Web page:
The pandemic's Native American mental-health toll: 'Everybody knew somebody who had died'

·Senior Editor
·4-min read
Dr. Carrie Johnson, a psychologist, works with indigenous clients in Los Angeles through the United American Indian Involvement. (Photo courtesy of Dr. Carrie Johnson)
Carrie Johnson, a psychologist, works with indigenous clients in Los Angeles through the United American Indian Involvement. (Photo courtesy of Carrie Johnson)

In honor of Mental Health Awareness Month 2021, Yahoo Life is profiling some of the many professionals who are focused on serving some of the country’s most marginalized populations — and on changing the field of mental health while they’re at it. Read all the interviews here.

Carrie Johnson

Psychologist, member of the Wahpeton Dakota Nation, and director of Seven Generations Child and Family Services of United American Indian Involvement, serving Los Angeles County.

What are some issues specific to the American Indian and Alaska Native clients that you serve?

In urban areas particularly, like Los Angeles, our native population is so isolated, even though L.A. County has a large population of urban Native Americans. We're all spread out, and as a result of that, I think we really just disconnect from culture and community. What we've seen in our clients is a lot of mental health problems, substance abuse problems. I've been working with Natives for over 25 years as a psychologist, focusing more on therapy. But once we saw that our rates of substance abuse and mental health problems were not decreasing, they were only increasing, it was like, something's not working here. So, we started integrating more cultural activities — like our drum-and-dance class, bead making — and I just wrote a grant to hire traditional healers. And it’s been absolutely amazing, which I've detailed in a paper for The Behavior Therapist journal.


You know, mental health, our evidence-based practices, they just don't work for our community. There needs to be something more… because it really doesn't take into account where Native Americans have come from, and the trauma that they've come from — historical trauma of forced relocations, massacres, children being removed from families, all passed on from generation to generation. We carry a lot of that stuff with us… and there's so much more going on within ourselves and our families. Like for myself, my mom was forcibly taken away and placed in boarding school, and you know, just the trauma that she experienced, we know is passed on to us, and we want to make sure it's not passed on to the next generations. We know what helps our community: it’s a culture, it's a spirituality, it's our connection with each other.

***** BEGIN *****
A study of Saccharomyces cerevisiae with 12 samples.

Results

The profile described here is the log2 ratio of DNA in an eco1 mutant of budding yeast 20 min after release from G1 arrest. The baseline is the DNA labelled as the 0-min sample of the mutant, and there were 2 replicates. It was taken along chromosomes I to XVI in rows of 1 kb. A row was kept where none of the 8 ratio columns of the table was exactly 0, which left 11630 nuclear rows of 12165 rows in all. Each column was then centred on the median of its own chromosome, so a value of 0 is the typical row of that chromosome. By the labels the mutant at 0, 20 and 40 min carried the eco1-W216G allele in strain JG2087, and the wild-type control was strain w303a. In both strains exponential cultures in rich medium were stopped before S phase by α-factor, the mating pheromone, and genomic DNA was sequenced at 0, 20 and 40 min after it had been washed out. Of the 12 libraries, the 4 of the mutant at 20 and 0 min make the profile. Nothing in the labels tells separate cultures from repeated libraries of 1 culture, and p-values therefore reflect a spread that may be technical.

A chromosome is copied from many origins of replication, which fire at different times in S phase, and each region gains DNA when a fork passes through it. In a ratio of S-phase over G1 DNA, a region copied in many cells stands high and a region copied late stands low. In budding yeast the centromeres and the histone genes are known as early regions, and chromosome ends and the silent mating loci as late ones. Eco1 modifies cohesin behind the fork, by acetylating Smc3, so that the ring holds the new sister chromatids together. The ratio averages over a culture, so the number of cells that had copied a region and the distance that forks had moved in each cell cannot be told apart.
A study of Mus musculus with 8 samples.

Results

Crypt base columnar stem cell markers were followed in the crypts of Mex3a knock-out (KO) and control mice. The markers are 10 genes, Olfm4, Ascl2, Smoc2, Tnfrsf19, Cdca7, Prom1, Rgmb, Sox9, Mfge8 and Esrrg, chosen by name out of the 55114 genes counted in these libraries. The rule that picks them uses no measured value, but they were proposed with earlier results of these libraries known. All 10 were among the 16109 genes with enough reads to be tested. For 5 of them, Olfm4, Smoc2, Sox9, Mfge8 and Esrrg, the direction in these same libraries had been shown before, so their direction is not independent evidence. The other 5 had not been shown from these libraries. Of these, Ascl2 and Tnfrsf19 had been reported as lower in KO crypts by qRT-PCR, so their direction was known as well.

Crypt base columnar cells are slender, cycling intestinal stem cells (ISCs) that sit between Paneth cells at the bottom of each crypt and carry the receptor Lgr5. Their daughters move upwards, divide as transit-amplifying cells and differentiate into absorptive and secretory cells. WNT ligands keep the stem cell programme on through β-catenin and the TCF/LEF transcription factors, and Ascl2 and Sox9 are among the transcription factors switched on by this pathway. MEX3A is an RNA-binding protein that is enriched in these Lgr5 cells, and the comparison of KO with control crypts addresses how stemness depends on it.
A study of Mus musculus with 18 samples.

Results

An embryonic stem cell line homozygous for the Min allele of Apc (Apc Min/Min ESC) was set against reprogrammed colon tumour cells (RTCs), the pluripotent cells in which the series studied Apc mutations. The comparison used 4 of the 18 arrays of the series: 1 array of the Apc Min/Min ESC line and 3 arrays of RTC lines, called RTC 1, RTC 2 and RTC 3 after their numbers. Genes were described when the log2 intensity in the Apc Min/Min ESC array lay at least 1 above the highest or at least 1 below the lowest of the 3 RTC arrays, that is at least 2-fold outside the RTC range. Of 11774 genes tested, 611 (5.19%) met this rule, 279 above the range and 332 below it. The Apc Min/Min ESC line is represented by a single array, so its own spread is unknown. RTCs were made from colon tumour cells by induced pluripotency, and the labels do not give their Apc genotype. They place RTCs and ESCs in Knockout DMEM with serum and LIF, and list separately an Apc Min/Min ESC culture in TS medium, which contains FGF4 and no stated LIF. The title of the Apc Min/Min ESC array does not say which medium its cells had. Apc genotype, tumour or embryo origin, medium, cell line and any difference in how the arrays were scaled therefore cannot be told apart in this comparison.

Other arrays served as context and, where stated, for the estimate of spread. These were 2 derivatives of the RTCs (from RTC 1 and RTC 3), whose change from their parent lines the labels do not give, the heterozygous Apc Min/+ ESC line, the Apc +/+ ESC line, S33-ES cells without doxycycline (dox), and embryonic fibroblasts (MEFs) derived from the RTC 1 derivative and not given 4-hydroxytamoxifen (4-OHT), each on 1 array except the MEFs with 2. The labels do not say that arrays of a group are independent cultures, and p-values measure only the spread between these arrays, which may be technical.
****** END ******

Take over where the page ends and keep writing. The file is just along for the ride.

What do outsiders not understand about the mental health needs of Indigenous people?

Who we are and where we came from and how marginalized we continue to be — and how we are still invisible, really. So, we do a lot of honoring who they are and honoring our people and our ancestors, and teaching them… A lot say, "I don't know about my culture." In an area like Los Angeles, a lot of people came here on a relocation program and they lost connection with their tribe.

It’s interesting you say "invisible," because despite "Indigenous" being front and center in "BIPOC," it seems like the conversation doesn’t often go there.

I think that's correct. It really doesn't… I think native people often are just not heard. And so they don't speak up. Yeah. And that just goes on because of our history. And so we do need to teach our youth to speak up and our families to speak up and to have a voice.

What sort of mental health impacts of COVID did you see?

It was just so traumatizing for a lot of our families — a lot of whom had families on reservations, like the Navajo Nation, and they had so many deaths, and we had quite a high rate of deaths here in Los Angeles with our native community. Everybody knew somebody who had died from it. It brings up a lot for our elders… Everybody's saying, "This happened to us before, all the diseases that happened to native people… smallpox on a blanket and given to a whole tribe." But it was like, we survived before and we'll survive again. We just need to take care of each other. So that's what we did

How have those in your community found a place in conversations around police violence, systemic racism and Black Lives Matter protests in this past year?

I think we had a lot of discussions with our community around [police violence], too. And how, you know, they're not feeling really safe, either… because our native people are also attacked a lot by police… So, a lot of our native community were out marching and… there was kind of a connection there that they really felt with others. And, and again, it's like being heard, so I think it was really helpful. We do think that our community has really grown from that, and has come together.

This interview has been edited for length and clarity.